It’s intriguing to me how Apple adjusts its launch process between products. The first iPhone was activated from home, the second was activated in the store. The first iPad was made available for in-store purchase and guaranteed home delivery on the same date – if you recall, they opened online ordering far ahead of launch day to allow for everyone to get their iPad 1s at home on launch day. Third-party retailers were also recently added to the mix after years of exclusion.
This time around, iPad 2 launched in-store and online ordering OPENED at the same time. The lines were larger than for the first, and stores were completely sold out within 24 hours and online ordering showed a 3 week wait. Apple likely sold 400,000 to 500,000 opening weekend as opposed of 300,000 of the first. So why no advance ordering?
Here’s my theory: rather than allow advance ordering, Apple wanted to generate maximum buzz by generating maximum lines. By not allowing advance ordering, Apple ensured that everyone who wanted the device asap would have to go to stores. I think the company was concerned after seeing weak Verizon iPhone lines that the same fall flat could occur for iPad 2. Of course, things proved to be the exact opposite with demand for this device, outstripping that of the first, as people who sat on the sidelines for iPad 1, decided this was the revision worth buying (70% of buyers did not have an IPad 1.).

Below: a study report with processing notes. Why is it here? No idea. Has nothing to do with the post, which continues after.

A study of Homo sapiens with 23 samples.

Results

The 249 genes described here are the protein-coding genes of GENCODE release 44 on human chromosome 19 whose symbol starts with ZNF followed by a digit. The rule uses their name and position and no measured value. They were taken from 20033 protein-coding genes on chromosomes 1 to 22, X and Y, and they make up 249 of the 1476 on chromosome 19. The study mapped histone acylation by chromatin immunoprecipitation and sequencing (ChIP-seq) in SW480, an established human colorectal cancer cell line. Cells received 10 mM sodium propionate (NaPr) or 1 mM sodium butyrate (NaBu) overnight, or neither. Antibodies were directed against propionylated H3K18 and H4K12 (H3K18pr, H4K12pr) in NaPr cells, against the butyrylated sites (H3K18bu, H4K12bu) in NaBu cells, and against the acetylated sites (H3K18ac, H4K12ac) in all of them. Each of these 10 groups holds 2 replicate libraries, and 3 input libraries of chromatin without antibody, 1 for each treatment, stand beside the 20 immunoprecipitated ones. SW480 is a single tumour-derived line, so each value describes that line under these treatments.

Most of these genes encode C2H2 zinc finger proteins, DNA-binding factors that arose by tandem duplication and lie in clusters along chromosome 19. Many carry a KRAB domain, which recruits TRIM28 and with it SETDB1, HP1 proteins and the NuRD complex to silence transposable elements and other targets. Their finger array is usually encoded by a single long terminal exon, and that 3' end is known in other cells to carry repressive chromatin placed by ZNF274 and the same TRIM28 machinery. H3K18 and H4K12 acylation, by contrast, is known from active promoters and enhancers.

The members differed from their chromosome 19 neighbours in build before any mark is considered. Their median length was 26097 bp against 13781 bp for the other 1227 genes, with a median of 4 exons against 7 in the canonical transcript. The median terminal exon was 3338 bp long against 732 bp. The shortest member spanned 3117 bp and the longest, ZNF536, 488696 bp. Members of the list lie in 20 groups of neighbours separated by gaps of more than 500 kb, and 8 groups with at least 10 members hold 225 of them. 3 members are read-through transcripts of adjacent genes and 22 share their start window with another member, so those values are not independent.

The lines have become a key marketing element for Apple, and I think the company does everything it can to make the product launches as visible as possible on a city-by-city basis.
With the stores sold out and online ordering delivery dates standing at three weeks, another possibility is that the company was supply constrained on this launch and anticipated the demand. Under this scenario, the company pushed most of the units into stores to satisfy as many line goers as possible, disappointing more of the online orders, who tend to be more chill about when they get their equipment.
Anyway, this is all just speculation. How Apple determines the online vs store equipment allocation and processes remains a secret. In some ways, it’s as intriguing and mystical as everything else Apple does. Steve Jobs is a showman, the products are movies, and every launch is a new way of running the red carpet.
For my part, I ate dinner with Jill, tucked in the kids, and went up to Best Buy on 86th street at 8:55pm, 5 minutes before closing. No lines, and I was lucky enough they had a few left over including my second choice of model, which I picked up.